31.03.2020, 17:49
Photo credit: Bolsonaro's Facebook
Photo credit: Bolsonaro's Facebook

Facebook and Twitter have deleted posts from world leaders for spreading misinformation about the coronavirus, as BBC reported.

Facebook deleted a video from Brazilian President Jair Bolsonaro that claimed hydroxychloroquine was totally effective in treating the virus.

He has repeatedly downplayed the virus and encouraged Brazilians to ignore medical advice on social distancing.

It follows Twitter’s deletion of a homemade treatment tweeted by Venezuelan President Nicolás Maduro.

Both social networks rarely interfere with messages from world leaders, even when they are verifiably untrue.

Twitter, for example, says it will “will err on the side of leaving the content up” when world leaders break the rules, citing the public interest.

But all major social networks are under pressure to combat misinformation surrounding the coronavirus pandemic.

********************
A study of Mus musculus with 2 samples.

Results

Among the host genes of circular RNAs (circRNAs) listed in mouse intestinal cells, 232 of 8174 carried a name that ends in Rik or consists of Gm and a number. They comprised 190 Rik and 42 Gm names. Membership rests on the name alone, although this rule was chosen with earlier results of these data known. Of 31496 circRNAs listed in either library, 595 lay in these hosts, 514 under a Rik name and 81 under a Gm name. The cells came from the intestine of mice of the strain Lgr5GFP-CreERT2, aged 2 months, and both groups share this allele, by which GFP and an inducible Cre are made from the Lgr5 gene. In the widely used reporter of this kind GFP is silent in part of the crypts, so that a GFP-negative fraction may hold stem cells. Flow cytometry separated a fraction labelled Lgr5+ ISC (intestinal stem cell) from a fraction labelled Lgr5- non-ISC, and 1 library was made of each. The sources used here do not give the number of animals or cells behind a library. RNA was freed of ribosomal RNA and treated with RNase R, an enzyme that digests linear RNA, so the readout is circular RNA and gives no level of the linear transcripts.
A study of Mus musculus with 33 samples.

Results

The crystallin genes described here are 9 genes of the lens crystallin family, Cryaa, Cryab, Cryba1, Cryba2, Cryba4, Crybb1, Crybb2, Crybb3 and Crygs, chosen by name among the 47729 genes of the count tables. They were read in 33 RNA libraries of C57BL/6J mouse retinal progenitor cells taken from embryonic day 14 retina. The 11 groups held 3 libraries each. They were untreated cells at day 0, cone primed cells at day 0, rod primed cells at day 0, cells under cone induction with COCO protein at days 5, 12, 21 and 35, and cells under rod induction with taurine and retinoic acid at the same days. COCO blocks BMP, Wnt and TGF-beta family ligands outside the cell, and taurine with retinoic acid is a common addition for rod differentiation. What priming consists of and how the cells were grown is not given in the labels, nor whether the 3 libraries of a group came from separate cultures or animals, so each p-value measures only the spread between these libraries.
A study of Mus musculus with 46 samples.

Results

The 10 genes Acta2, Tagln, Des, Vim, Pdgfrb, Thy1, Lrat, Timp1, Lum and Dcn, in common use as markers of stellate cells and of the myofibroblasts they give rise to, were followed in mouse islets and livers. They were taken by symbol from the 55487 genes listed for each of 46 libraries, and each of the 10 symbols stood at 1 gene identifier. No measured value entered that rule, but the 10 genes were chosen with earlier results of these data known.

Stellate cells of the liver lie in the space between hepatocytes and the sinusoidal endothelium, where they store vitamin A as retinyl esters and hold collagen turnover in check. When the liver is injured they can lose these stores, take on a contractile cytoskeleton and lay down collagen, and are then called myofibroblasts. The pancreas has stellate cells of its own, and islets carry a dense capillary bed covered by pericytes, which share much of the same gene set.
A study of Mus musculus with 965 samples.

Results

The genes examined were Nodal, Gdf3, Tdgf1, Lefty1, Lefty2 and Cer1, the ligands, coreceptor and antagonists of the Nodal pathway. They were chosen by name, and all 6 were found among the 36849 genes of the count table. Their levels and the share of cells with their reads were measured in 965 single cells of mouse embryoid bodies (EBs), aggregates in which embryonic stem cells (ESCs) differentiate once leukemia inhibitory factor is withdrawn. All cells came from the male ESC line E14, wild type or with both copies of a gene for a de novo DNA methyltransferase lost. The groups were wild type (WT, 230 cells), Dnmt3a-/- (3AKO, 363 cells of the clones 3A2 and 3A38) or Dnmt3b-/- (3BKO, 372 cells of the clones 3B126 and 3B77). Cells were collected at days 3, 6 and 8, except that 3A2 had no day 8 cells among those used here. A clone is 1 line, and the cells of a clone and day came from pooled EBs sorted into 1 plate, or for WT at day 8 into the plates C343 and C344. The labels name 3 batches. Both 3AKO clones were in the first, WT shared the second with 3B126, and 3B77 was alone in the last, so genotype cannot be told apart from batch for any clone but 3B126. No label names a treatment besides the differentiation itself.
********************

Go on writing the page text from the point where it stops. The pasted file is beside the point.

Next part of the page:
Twitter has updated its guidance on combating medical misinformation that goes against international public health guidance.

And Facebook has similarly committed to removing information that could cause physical harm.

President Bolsonaro’s posts showed him talking to people in the streets of Taguatinga.

Facebook said it had removed the video from both that site and Instagram, which it also owns. The posts violated its community standards for causing harm, it told BBC News.

Follow-up statements issued to Buzzfeed and The Verge clarified the claim about hydroxychloroquine was the main reason for its deletion.

The World Health Organization says while some drug cocktails may have an impact, there is no proven drug treatment.

And hydroxychloroquine and a related compound, chloroquine, are unproven, experimental treatments.

But despite the lack of clinical trials, the US Food and Drug Administration (FDA) has now approved both compounds, listed as anti-malarial drugs, for “emergency use” in Covid-19 patients admitted to hospital.

The potential for possible treatment outweighed the known risk, the FDA said.